Joe Amon, The Denver Post
Students, immigrants and supporters marched to Tivoli Quad on Auraria Campus to defend the Deferred Action for Childhood Arrivals (DACA) program during a city wide walkout and rally in September.

It is time for Congress and President Donald Trump to put blame games and unreasonable demands aside and to resolve the uncertainty of hundreds of thousands of U.S. residents by reviving and reforming the Deferred Action for Childhood Arrivals program.

Trump threw a wrench into the works in September when he revoked executive orders by President Barack Obama setting up the so-called Dreamer program that had offered legal work and student status to those who were brought to the U.S. illegally as children.

One of the conservative arguments against DACA popular among congressional Republicans was that it constituted presidential overreach — that Obama didn’t have the authority to implement it through executive orders. Trump called that bluff. He delayed repeal by six months so that Congress could develop a legislative solution for the Dreamers.

The clock is ticking.

Just days after putting Dreamers’ future at risk, Trump tweeted, “Does anybody really want to throw out good, educated and accomplished young people who have jobs, some serving in the military? Really! They have been in our country for many years through no fault of their own — brought in by parents at young age.”

That’s actually a very good summation of the arguments for solving this issue. To qualify for DACA, applicants had to have been brought to the United States before their 16th birthday, have completed high school or equivalent, have no felony or serious misdemeanor convictions, and pose no other threat to national security or public safety.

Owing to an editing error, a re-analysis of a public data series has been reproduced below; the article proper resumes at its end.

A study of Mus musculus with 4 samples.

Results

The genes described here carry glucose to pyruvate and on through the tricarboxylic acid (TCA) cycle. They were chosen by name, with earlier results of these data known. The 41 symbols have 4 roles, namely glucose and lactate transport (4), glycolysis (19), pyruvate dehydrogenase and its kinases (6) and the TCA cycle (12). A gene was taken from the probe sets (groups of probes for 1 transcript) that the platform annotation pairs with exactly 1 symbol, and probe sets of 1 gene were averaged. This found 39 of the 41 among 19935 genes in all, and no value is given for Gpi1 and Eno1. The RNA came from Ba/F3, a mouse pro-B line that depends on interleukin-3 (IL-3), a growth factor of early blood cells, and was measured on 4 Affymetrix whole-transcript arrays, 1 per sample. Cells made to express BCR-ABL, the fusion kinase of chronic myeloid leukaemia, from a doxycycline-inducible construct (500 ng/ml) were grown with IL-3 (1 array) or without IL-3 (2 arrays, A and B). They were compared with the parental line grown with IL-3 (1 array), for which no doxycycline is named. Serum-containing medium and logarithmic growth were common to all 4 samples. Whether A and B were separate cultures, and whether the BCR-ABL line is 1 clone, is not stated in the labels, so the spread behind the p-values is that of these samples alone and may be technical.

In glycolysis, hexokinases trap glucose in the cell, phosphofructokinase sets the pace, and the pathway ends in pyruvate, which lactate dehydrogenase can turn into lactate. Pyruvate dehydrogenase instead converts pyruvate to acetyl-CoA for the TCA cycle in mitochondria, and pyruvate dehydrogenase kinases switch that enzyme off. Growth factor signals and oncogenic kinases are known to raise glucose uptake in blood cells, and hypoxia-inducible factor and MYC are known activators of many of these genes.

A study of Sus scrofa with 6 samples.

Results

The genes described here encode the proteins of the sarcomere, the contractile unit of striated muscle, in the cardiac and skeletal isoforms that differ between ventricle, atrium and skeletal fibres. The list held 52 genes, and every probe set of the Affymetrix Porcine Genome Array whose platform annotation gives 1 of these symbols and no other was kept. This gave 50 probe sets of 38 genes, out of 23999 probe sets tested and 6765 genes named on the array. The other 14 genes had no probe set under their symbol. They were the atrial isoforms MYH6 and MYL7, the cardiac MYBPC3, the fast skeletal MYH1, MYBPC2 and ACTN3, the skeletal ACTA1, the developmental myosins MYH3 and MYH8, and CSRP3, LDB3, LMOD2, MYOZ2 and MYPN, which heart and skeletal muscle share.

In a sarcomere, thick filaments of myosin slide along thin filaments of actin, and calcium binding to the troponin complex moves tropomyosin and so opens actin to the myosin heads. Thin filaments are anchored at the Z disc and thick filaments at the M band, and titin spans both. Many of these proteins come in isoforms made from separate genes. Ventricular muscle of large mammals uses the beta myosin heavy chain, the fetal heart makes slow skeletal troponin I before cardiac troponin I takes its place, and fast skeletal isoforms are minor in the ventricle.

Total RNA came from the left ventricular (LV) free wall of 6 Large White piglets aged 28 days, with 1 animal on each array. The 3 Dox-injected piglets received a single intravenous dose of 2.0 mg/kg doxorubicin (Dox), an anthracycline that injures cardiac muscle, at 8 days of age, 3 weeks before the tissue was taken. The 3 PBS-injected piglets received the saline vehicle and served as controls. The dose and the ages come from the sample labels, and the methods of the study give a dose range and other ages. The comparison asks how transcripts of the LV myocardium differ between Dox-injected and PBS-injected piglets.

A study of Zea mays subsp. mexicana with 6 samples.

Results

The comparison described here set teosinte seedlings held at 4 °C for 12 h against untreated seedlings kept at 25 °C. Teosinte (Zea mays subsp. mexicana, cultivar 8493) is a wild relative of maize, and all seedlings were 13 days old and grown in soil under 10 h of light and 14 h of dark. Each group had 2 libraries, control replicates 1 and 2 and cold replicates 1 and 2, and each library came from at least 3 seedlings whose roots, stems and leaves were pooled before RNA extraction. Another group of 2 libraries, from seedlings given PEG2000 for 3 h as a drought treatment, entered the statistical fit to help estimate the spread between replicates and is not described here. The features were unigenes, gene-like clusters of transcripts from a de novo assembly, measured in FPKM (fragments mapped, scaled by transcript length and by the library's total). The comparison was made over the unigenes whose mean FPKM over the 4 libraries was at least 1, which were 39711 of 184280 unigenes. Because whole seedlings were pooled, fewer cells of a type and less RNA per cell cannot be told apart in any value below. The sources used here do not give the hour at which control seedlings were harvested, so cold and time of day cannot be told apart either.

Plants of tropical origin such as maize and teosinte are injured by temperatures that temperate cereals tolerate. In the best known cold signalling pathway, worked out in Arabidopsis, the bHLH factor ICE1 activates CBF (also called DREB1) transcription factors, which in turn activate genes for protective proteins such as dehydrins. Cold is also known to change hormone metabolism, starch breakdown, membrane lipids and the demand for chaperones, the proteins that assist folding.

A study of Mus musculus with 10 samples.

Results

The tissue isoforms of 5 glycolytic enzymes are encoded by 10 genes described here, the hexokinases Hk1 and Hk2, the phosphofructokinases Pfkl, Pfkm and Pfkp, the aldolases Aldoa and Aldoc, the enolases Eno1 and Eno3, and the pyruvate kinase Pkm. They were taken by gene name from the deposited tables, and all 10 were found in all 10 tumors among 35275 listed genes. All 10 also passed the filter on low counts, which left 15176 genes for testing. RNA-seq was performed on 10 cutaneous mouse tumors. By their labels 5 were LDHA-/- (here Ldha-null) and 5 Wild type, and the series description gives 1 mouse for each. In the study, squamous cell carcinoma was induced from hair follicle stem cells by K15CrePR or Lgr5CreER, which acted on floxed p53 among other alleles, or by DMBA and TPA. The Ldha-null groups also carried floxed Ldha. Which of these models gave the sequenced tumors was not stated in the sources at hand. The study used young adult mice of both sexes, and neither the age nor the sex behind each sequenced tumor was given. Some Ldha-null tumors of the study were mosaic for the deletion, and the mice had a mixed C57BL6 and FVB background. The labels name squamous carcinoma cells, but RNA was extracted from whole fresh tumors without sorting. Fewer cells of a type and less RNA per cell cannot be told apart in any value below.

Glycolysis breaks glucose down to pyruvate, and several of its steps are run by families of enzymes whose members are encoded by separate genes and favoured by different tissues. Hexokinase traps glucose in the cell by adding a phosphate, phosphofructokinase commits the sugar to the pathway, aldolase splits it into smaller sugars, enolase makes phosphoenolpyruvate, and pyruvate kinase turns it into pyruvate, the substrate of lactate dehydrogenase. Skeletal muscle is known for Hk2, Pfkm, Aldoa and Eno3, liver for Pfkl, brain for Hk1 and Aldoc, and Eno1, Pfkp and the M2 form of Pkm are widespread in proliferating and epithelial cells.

Many Dreamers have never known life in any country other than the United States. Many have served honorably in the military. In order to meet the DACA qualifications, every single Dreamer either is or is on the path to become a contributing member of our society.

None of them deserves to be punished — much less deported — because their parents brought them here as children.

Since revoking Obama’s executive order, Trump has blundered about, one day tweeting encouragement to Dreamers and suggesting a deal was in the works to pass a legislative fix, then days later releasing demands for a deal Democrats would never accept.

Democrats and Republicans can’t rely on leadership from the White House. They must work together to pass legislation that offers permanent protections for these people who are American citizens in everything but name. There are 800,000 Dreamers in this country, approximately 17,000 of them in Colorado, according to Gov. John Hickenlooper. There is broad public support for protecting them, and multiple bipartisan bills to do so have already been introduced. This really should be a no-brainer for Congress.

If Congress passes a bill that simply reinstates the DACA program, Trump would most likely sign it, his ridiculous list of demands notwithstanding. Signing the legislation would give him a rare legislative accomplishment to tout, and he can even claim credit for providing the impetus for congressional compromise on immigration. Whatever works.

Congress has been wrestling with comprehensive immigration reform for many years. And while we continue to argue for broad reform, we get it that now is not the time to try to solve the many differences both between Republicans and Democrats and within the Republican Party that it would take to get there. For now, lawmakers should stay focused on solving the problem facing the Dreamers, then turn to the tougher questions.